By Boak Wiesner
‘Mackerel sky, not twenty-four hours dry’ goes the old saying so as I’m seeing these particular kinds of clouds, I’m reminded that the weatherman is predicting a big snowfall tomorrow. I wonder how accurate the old saw really is? We’ll see.
I sense an expectancy in the air that’s palpable, that the coming of winter in a real was is imminent. As I ramble through the woods in the west side, I see evidence of changes, both long and short-term which gets me to thinking about how to experience nature is, essentially, to observe change.
For example, these rocks at the base of the oak. These are not chunks of the bedrock around here, light-colored Jordan sandstone and the St. Lawrence Formation. So where did these come from? From the dark mafic rock up north. How did they get here? They were transported by glaciers. Well, that’s a pretty big change, if you ask me, to have had a mile of ice right here over my head and now, just the material it deposited underfoot. Quiet morning strolls let my mind work the while on the bigger things
Is there any better evidence of the rapidity of change in the forest than a fallen tree? Though the hundred years it grew might seem long to us, in the greater scheme of thing, trees growing from nuts, reaching their branches skyward, producing seeds themselves, then falling victim to insects and winds, those trees last a really short time. The opening left here will allow new trees to spring up and continue the climax community that became established a long time ago.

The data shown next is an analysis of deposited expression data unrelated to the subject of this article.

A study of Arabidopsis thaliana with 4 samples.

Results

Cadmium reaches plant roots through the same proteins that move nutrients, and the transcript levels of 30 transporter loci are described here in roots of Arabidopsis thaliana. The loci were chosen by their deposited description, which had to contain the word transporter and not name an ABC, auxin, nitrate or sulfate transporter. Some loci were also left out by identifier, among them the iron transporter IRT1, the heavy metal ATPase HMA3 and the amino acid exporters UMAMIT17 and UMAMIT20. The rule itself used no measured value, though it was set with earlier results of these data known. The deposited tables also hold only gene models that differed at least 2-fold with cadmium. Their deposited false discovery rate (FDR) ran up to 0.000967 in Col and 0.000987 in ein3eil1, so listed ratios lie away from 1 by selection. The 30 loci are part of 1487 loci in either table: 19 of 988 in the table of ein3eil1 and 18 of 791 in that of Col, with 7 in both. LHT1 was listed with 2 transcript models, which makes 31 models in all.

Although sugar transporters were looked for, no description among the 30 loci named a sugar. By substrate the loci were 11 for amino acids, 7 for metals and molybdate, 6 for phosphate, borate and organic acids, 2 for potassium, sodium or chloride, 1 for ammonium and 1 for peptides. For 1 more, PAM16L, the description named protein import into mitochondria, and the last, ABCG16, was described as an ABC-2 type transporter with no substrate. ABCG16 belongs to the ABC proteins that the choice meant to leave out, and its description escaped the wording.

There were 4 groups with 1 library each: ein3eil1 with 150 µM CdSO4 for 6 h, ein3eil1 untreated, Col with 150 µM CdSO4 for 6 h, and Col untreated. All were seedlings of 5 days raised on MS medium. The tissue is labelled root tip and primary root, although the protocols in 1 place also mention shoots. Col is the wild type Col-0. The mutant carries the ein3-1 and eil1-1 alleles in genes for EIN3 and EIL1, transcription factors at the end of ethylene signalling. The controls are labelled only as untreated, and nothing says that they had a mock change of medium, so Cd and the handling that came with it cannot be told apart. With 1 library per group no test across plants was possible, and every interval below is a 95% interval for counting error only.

I caught nearly the very moment that the ice formed on the little kettle lake. Where the water shows a bit of current, the movement has not allowed ice to form just yet. Soon, though, those of us who have been through these changes called the seasons know that this pond and all the bodies of water around here will be covered by ice. That ice helps slow down the change in the water underneath. But that’s a story for next time.